It Stinks - Part 2
Yesterday there was a Haverford Zoning Board meeting to discuss the variance sought by RHM to build their giant sewage surge tank. It was chaired by Mr. Robert Kane, who has the patience of Job. The meeting ended well past midnight. I don’t think you could pay me enough to sit on that committee.
A few householders had their requests dispatched expertly first and then onto the main course. RHM tried to narrow the discussion to just the variance in height of the tank that they were seeking. This ignored the elephant in the room that there was real doubt about whether the surge tank was even the right solution and, in particular, where it should be sited. This should have been dealt with by the various planning committees rather than the Zoning Board, but the questions I had raised earlier were still unanswered. If need be, refresh your memory with the earlier summary piece “It Stinks,” now near the bottom of this blog page.
Today I sent this follow-up letter to Mr. Kane.
Dear Mr. Kane,
Further to yesterday’s meeting of the Zoning Board, I would like to add this follow-up for your Board’s deliberations about the proposed sewage surge tank.
At the planning meeting of October 26th 2009 RHM stated that the dry weather flow was 6.4 – 7.2 million gallons/day, rising to 9 – 15 million gallons/day when it was wet. At the time, I stated that Springfield’s engineer said they measured a wet flow rate of 13 – 21 million gallons/day. They can’t both be right and in view of the 21 million gallons/ day number that surfaced from RHM/Delcora last night, I believe RHM was wrong and deliberately misleading.
I’m not sure whether EPA or DEP is the appropriate authority to mandate a full solution. It will probably take a temporary solution with a surge tank to solve the immediate problem, but I would hate for it to be treated as a permanent solution and remove the incentive to replace the too-small & defective existing pipe-work. Leaving it until a major pipe burst will mean there is no satisfactory solution.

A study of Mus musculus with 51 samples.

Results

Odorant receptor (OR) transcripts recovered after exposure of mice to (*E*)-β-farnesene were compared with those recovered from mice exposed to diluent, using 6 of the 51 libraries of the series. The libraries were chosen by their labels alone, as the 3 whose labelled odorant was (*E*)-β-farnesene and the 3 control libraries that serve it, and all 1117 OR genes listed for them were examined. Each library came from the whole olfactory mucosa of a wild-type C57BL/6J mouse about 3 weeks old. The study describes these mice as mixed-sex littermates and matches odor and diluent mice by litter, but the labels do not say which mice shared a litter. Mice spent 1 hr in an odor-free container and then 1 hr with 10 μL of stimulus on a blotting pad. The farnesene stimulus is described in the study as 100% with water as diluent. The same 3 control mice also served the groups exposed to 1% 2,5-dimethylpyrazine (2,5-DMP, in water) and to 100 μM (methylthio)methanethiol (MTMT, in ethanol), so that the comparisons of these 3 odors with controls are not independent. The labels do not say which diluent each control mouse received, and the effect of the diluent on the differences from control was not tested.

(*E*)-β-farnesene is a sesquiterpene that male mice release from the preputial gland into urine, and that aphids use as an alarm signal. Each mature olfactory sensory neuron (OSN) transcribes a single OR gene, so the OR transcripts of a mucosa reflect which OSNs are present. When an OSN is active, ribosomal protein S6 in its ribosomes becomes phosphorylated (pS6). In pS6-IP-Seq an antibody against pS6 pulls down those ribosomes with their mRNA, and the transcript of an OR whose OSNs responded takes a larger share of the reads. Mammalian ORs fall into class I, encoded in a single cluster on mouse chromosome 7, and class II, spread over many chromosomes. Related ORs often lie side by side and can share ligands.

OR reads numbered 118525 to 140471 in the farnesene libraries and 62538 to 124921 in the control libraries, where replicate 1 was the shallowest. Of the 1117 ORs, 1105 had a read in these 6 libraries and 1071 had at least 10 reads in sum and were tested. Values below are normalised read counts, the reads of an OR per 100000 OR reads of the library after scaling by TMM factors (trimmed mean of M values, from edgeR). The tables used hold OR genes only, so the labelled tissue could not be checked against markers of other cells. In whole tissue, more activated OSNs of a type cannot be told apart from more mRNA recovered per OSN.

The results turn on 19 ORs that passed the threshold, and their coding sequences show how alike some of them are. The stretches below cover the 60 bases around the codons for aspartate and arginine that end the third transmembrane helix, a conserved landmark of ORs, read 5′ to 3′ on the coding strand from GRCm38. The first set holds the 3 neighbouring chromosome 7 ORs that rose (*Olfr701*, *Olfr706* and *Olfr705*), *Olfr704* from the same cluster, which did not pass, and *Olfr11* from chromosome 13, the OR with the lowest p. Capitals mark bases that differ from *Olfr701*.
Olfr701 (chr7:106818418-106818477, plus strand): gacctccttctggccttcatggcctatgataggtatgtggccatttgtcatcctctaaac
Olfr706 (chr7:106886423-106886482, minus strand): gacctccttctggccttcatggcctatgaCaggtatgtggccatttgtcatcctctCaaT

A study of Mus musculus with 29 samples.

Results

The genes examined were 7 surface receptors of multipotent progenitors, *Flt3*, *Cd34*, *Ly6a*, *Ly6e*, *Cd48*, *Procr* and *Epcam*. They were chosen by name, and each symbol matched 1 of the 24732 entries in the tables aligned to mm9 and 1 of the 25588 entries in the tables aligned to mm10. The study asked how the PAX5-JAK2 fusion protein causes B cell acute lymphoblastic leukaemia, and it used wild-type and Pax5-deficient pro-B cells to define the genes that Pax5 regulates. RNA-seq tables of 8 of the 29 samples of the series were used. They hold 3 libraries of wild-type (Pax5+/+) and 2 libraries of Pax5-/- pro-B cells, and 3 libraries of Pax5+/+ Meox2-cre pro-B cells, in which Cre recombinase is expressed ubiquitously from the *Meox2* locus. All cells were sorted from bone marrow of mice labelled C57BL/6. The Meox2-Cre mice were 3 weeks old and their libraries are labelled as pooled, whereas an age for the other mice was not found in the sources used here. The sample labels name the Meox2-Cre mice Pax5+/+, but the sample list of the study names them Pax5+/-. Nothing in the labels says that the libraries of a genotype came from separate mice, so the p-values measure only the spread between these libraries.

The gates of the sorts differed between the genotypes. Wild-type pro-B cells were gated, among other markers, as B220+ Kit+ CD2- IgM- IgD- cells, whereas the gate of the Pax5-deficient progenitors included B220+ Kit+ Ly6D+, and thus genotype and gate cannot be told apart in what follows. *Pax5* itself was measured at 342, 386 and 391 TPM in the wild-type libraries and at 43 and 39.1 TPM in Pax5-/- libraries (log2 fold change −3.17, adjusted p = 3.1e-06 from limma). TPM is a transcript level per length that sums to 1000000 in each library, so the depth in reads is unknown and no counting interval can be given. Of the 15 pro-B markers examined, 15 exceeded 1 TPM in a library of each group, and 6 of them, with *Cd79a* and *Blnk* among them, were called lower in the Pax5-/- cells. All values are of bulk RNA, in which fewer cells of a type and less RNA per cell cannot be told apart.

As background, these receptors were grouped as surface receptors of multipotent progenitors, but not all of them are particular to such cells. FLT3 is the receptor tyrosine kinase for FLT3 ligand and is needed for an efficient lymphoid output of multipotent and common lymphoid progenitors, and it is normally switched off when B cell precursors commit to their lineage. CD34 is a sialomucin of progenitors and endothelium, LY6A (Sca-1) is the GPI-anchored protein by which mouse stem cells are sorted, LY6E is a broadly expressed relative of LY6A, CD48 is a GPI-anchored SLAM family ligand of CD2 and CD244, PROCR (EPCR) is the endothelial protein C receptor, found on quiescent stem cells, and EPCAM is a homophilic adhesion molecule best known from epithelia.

The cost for residents to divert waste water they now illegally add to the sewage system is perhaps more than the cost to fix the system itself. Where is a householder going to dispose of basement water except in the main drain? ( I don’t have this problem as my basement is dry and doesn’t even have a sump.)
We have been presented with inaccurate figures and false engineering statements. For example, RHM would not accept that from an engineering point of view it makes little difference where the surplus liquid is extracted. RHM claimed that it was necessary to take it from Merry Place and that if one sited a tank further up the system, in the municipal recycling facility, they would have to run a 6” pipe all the way down to Merry Place and site the diesel pump there. That is nonsense. Likewise their visual estimate of the volume of SSO and the sources of surface water ingress are worthless without proof.
This project can only be done satisfactorily in conjunction with the upstream & downstream facilities. What is the amount that Springfield can take without giving them problems? Springfield use TV to inspect their pipes too. What is the likely increase to the system requirements in even the next few years? We need an independent study by some competent authority such as Delcora, or one of their major contractors/engineering consultants, to get believable numbers, a list of the best options and the estimated costs for them.